It’s been the subject of a parliamentary inquiry, as well as decades of campaigning, and it’s been described as a national emergency.
Yet sleep is still not getting enough attention, argues Moira Junge, sleep disorder expert and CEO of the Sleep Health Foundation.
Dr Junge wants sleep to be treated as a community health priority – as a matter of urgency.
Sleep health is a key indicator of overall health, she says, and so it should be “a national priority”.
There should be more talk about sleep “in schools, in workplaces [and in] family conversations around the table “, Dr Junge tells ABC RN’s Life Matters.
A 2018–19 parliamentary inquiry into sleep health determined that it was “a national emergency and recommend[ed] that the government prioritizes sleep health, ”she says.
“But then COVID hit and, of course, both state and federal levels of governments – health departments, particularly – have been, rightly so, focused very much on keeping us safe from COVID.”
Now, Dr Junge says, “we’re really desperately wanting to actually get it back on the agenda.”
The ‘dangerous precipice’ of not getting enough sleep
Sleep was already a problem for Australians prior to the COVID pandemic. Since then, it’s taken a further hit, Dr Junge says.
“In Australia, as worldwide, we have seen detrimental effects to our sleep,” she says.
The sleep inquiry’s report found that roughly four in ten Australians aren’t getting enough quality sleep, due to either sleep disorders or to work and lifestyle pressures.
It also said regular inadequate sleep is associated with an increased risk of obesity, diabetes, cardiovascular disease and cancer.
US sleep expert Matthew Walker agrees the sleep problem is growing.
The professor of neuroscience at the University of California, Berkeley, and author of Why We Sleep, says not only is general sleep health in bad shape, figures for the most common sleep disorder, insomnia, “seem to be on the rise.”
It’s an increase he says is largely attributable to lifestyle factors.
Higher levels of anxiety and stress equate to a higher risk of insomnia. Other “aspects of modernity” such as “excessive exposure to too much caffeine, too much alcohol in the evening” and “the invasion of technology into the bedroom” [which] has had a marked impact on our lack of sleep “also bring that increased risk.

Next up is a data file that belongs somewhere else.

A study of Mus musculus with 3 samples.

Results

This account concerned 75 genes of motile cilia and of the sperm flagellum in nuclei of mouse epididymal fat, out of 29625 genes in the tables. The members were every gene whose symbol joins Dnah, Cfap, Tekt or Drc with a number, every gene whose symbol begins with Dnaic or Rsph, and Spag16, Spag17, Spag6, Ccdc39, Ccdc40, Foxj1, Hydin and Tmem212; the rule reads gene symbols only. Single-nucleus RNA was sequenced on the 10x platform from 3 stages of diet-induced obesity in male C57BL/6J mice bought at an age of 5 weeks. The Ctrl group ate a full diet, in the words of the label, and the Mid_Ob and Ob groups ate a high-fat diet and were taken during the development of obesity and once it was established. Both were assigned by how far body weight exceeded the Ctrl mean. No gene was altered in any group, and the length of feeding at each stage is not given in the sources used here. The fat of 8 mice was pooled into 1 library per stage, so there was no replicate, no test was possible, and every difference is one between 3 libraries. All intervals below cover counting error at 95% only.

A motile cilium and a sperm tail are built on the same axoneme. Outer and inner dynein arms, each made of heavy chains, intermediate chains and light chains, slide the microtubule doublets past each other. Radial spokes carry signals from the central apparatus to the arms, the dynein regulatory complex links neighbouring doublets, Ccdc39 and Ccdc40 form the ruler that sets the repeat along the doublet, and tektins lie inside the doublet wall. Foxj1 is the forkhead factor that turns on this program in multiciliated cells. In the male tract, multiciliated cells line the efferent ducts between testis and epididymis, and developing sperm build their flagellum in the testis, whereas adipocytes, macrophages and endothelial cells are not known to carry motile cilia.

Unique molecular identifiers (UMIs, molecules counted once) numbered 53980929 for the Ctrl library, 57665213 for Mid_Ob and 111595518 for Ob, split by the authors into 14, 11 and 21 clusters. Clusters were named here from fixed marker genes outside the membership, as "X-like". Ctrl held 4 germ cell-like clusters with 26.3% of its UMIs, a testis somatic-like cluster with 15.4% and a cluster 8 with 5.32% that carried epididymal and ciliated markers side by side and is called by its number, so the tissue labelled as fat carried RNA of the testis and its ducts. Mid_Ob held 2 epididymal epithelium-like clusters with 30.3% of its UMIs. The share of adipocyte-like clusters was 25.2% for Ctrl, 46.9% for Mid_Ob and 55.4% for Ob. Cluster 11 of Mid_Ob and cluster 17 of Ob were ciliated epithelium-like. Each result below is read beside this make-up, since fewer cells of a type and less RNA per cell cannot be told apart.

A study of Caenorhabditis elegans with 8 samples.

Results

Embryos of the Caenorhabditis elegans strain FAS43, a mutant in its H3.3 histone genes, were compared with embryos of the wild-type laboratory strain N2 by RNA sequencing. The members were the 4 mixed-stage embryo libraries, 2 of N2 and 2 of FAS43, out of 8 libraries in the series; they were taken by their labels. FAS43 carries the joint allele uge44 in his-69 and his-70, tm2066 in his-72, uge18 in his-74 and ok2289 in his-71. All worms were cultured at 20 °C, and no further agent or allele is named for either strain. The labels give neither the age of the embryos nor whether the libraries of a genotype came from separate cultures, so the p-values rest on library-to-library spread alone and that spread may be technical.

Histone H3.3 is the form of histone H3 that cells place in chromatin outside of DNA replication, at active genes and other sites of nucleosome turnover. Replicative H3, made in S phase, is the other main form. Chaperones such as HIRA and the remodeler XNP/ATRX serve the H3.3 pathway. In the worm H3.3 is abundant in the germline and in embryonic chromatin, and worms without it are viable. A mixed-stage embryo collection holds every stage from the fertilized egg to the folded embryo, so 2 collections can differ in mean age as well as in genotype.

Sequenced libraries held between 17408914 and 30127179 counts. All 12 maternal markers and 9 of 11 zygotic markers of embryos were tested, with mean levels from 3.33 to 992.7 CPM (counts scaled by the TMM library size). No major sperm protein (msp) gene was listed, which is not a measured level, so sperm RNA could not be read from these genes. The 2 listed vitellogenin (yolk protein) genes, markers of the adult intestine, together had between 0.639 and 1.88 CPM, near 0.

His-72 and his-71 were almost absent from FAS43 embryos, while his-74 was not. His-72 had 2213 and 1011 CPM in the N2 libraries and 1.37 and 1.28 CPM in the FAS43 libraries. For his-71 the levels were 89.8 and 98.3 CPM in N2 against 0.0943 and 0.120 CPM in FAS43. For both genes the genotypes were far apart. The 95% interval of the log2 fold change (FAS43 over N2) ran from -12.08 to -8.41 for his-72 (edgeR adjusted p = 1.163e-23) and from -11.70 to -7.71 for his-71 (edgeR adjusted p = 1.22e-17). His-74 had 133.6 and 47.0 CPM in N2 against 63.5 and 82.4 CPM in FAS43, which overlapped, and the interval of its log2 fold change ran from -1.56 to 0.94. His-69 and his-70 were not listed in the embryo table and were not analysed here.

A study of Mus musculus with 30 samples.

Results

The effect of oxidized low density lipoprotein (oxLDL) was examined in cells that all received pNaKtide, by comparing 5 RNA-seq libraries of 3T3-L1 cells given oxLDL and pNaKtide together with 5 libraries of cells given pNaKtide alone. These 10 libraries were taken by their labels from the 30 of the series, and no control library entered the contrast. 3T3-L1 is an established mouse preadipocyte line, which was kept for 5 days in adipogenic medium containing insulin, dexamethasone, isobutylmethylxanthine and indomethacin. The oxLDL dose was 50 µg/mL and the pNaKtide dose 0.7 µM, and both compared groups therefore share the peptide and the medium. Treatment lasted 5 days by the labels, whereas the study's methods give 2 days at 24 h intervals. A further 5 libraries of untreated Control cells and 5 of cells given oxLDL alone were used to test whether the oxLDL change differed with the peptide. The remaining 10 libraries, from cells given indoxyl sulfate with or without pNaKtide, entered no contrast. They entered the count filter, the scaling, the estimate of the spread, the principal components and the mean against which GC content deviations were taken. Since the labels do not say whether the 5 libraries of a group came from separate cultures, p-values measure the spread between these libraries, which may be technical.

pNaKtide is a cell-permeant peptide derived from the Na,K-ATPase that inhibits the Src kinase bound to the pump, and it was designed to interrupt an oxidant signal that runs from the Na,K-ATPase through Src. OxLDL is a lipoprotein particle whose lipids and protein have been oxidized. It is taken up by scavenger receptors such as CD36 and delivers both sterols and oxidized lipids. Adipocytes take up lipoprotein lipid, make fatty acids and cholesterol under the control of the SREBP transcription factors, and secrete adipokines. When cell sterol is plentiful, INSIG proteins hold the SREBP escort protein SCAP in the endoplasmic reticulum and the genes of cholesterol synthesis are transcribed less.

Professor Walker says this is a concern because insomnia is associated with “a higher risk of stroke, heart attack, depression and… Alzheimer’s disease”.
“I don’t want to frighten people. I know these are scary statistics. But I think what this means is that there is hope here, because insomnia is a treatable condition,” he says.
Sleep’s ‘image problem’
Professor Walker says there’s a strange disconnect between the priority we attribute to the sleep of a child and the way we consider sleep as adults.
At that stage of life, he says “sleep has an image problem”.
“When you look at a child or a baby that’s sleeping during the day, no one looks at that baby and says, ‘Gosh, what a lazy baby’. We don’t do that because we know that sleep at that time of life is fundamentally important. It is non-negotiable. “
But somewhere between infancy and adulthood, “we abandon the notion that sleep is important. And if anything, we celebrate our lack thereof. It’s almost this sort of sleep machismo attitude, this braggadocio component. And that’s remarkably unwise,” Professor Walker says.
He also argues that we have forgotten how to fall asleep.
“Many of us hop into bed at night and we think that sleep should be like a light switch; that as soon as we jump into bed and our head hits the pillow, we should be out like a light.”
“Sleep is not like that as a biological process. Sleep is much more like trying to land a plane. It takes time for your biology and physiology to gradually descend down onto the terra firma of good sleep at night.”
And, just as with children, a wind down routine is “essential” for adults wanting to sleep better, he says.
Like Professor Walker, Dr Junge is keen not “to alarm people who are struggling with sleep”.
“But it’s very hard. It’s a tricky conversation to have because I do want the evidence out there.”
She’d like to see a national sleep health awareness campaign, as well as sleep education in schools and the curriculum, a sleep helpline and more training for health professionals about treating sleep problems.
She says helping people understand sleep solutions is as important as raising the problems associated with not getting enough.
“There are lots of very good treatments around,” Dr Junge says, pointing to the Sleep Health Foundation’s fact sheets.
And when it comes to getting sleep more prominently placed on the national agenda, she says, as with public health changes around smoking, sometimes you “have to play the long game”.
“I’ve been involved with health for a long time and I saw what we did with smoking. I would never have thought in the 1990s that we [would have] come so far with [things like] smoking is not allowed in public places. “
She remembers during her nursing career in the 1990s “people were smoking in hospitals. We were wheeling long-term patients down for a cigarette. And there was smoking on airplanes.”
“It seemed to change overnight, but it was decades of lobbying.”
Similarly, “mental health wasn’t recognized for a long time” as a health priority, she says.
‘Mental health wasn’t really talked about, but now it certainly is.
“I think we’re at the same precipice with bringing sleep health into all conversations around health and safety.”